Water Softener Systems For Hard Water

water softener
Adding salt to a water softener. BanksPhotos / Getty Images 

The most complete and common home solution for dealing with hard water—water with a high level of dissolved minerals—is a whole-house water softener. There are various types of water softener systems to choose from. To help you make a decision, take a look at this overview of the different types of water softener systems that are readily available.

Ion-Exchange Systems

Ion exchange is a well-known type of water softening system that has been available for quite a long time.

Ion exchange replaces the calcium and magnesium in water with salt, potassium or hydrogen. Of these three options, salt is perhaps the best-known water softening regeneration solution.

An ion-exchange water softener consists of a resin tank and a brine tank. As water passes through the resin bed, the hardness mineral ions in the water are exchanged for sodium (or potassium) ions. When the resin is saturated with hardness minerals, the system goes through a regeneration cycle that flushes brine solution through the resin bed, exchanging the hardness mineral ions with sodium ions. The hardness minerals are then washed down the drain, leaving the resin ready to go through the process again. 

After the water softener treats the water, the water enters the household water supply as soft water. Softened water will contain either sodium or potassium, depending on which is used in the softening process.

Sodium is more readily available and less expensive than potassium, but there are concerns about the additional sodium intake, particularly for anyone on a low-sodium diet. Another concern is the environmental effects of releasing large amounts of salt into the waste water supply during the regeneration cycle.

The use of potassium is considered to be a more environmentally friendly option, and it removes the health concerns associated with salt-based systems.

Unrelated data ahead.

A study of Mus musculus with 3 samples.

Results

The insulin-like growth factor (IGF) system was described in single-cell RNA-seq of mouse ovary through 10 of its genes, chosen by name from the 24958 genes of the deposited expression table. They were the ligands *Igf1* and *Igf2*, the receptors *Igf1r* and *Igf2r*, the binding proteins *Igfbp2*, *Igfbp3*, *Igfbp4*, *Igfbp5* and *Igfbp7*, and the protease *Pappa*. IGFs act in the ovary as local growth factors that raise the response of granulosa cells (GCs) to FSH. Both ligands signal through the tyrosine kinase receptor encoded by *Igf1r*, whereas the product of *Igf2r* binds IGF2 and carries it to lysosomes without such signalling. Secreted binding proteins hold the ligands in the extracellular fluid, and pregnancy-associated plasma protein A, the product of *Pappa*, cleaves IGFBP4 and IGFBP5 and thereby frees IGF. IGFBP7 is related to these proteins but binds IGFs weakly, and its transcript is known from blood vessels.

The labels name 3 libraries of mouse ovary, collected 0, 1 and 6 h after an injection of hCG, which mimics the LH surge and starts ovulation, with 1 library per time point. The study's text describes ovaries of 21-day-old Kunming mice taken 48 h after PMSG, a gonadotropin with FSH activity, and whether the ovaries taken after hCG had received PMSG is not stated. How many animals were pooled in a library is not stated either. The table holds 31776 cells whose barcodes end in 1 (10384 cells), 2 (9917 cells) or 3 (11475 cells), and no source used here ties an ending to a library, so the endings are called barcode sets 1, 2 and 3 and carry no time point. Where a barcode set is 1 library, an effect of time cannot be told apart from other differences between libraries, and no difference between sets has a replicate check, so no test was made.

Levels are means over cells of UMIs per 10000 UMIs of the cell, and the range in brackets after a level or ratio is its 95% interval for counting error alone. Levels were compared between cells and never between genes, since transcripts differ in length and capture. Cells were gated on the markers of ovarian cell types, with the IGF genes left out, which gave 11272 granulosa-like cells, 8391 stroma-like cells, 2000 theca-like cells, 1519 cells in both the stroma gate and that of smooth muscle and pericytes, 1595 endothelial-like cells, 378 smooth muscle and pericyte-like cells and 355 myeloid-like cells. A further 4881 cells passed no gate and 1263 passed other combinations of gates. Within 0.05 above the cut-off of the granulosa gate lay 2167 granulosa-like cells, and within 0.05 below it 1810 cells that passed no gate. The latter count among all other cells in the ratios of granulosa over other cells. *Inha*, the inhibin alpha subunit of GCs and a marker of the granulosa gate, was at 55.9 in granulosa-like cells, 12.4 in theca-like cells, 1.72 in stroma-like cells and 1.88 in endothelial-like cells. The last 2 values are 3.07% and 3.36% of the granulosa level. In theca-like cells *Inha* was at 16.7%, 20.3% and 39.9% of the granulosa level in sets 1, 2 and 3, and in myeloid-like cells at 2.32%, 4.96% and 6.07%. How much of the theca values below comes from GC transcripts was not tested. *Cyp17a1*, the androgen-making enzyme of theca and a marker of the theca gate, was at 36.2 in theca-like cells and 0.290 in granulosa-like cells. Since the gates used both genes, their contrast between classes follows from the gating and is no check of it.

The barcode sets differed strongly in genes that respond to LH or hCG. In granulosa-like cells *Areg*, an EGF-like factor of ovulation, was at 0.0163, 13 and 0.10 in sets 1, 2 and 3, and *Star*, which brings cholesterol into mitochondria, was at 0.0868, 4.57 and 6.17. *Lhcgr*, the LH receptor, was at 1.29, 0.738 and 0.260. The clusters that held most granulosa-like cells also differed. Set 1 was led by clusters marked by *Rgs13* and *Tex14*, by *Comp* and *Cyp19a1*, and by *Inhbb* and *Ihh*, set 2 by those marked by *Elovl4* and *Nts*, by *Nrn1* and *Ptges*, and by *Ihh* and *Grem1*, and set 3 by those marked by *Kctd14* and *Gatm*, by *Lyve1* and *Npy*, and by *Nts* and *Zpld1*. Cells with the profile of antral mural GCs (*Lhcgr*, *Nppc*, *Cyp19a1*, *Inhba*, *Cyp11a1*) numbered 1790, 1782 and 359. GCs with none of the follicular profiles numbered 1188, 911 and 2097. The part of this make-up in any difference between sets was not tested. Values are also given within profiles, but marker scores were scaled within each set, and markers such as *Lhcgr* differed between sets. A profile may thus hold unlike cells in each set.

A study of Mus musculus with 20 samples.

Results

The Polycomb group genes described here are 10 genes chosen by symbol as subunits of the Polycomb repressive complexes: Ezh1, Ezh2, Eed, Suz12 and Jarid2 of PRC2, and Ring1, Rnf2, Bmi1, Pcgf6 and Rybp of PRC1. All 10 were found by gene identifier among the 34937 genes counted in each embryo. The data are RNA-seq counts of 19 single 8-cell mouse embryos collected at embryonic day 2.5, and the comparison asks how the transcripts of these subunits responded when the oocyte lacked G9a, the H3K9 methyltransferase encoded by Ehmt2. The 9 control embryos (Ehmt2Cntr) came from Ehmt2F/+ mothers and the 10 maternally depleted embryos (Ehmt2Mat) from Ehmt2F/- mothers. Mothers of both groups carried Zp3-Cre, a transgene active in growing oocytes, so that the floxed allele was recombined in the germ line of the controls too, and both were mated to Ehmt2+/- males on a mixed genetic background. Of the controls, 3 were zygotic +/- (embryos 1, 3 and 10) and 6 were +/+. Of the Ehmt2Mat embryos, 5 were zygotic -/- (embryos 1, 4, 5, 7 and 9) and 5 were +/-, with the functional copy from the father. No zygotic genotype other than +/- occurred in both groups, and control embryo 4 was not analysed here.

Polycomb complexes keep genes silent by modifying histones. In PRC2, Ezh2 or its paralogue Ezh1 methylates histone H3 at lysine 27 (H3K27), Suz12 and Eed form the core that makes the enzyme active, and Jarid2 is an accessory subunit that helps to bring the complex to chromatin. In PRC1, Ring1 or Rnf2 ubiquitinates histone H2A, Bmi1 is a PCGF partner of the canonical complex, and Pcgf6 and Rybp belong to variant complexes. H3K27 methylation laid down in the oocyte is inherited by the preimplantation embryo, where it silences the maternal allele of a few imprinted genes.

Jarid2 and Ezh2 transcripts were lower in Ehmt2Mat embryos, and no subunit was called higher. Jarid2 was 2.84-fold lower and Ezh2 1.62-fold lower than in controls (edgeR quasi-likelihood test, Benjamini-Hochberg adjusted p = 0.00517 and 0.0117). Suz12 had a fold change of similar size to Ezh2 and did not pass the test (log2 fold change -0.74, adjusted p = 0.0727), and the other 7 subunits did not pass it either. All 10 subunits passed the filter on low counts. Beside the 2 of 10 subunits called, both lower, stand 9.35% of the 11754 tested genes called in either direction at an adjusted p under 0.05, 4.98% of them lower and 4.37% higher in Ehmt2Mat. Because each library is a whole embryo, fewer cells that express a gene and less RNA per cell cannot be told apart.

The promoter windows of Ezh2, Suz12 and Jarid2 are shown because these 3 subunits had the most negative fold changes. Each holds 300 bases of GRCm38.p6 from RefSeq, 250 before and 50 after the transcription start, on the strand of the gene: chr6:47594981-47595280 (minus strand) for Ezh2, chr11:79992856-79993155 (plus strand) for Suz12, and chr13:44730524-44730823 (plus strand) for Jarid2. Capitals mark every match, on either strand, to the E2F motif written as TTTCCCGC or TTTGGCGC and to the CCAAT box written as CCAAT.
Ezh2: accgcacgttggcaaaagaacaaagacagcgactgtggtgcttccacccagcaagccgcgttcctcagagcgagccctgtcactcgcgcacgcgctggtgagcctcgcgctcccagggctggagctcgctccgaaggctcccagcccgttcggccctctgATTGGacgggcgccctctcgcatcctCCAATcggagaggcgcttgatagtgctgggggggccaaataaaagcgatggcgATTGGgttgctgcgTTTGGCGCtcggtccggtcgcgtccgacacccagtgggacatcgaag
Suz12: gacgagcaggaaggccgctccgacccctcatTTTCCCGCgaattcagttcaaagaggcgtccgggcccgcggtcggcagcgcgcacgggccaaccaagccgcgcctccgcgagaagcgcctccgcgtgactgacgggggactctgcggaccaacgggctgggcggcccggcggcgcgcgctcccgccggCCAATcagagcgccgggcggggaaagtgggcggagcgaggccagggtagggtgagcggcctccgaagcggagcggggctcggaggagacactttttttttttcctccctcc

An additional consideration when deciding between ion exchange water softener systems is whether a single-tank or a multi-tank system is more appropriate. A drawback of a single-tank system is that here is possible downtime during the regeneration cycle.  Most systems are set to regenerate overnight when the need for softened water is likely to be lower, but if water is used during the regeneration cycle, it will not be softened. If your family's lifestyle is such that you need to have soft water available any time of day, use a multi-tank system. These systems can switch from one tank to the other as necessary, allowing the depleted tank to regenerate while the other is in use.

Read about installing an ion exchange water softener here

Salt-Free Systems

Salt-free (descaling) softeners don’t use chemicals or remove minerals to soften water, but instead use nanotechnology to change the structure of the molecules in the water from scale building to non-scale building. The water goes through a filtering media, and the molecules are restructured as they flow through the tank.

The new structure of the molecules affects the existing mineral buildup in pipes and fixtures as the water flows through, effectively de-scaling the plumbing system.

Salt-free water softener systems address some of the major drawbacks of the ion-exchange system. There is no chemical use, so you aren’t introducing chemicals into the drinking water or releasing them into the waste water system. There is less regular maintenance since they don’t require purchasing or adding salt on a regular basis. The system doesn’t waste water since there is no regeneration cycle. The water doesn’t feel slippery like salt softened water does. And these systems usually don’t require electricity.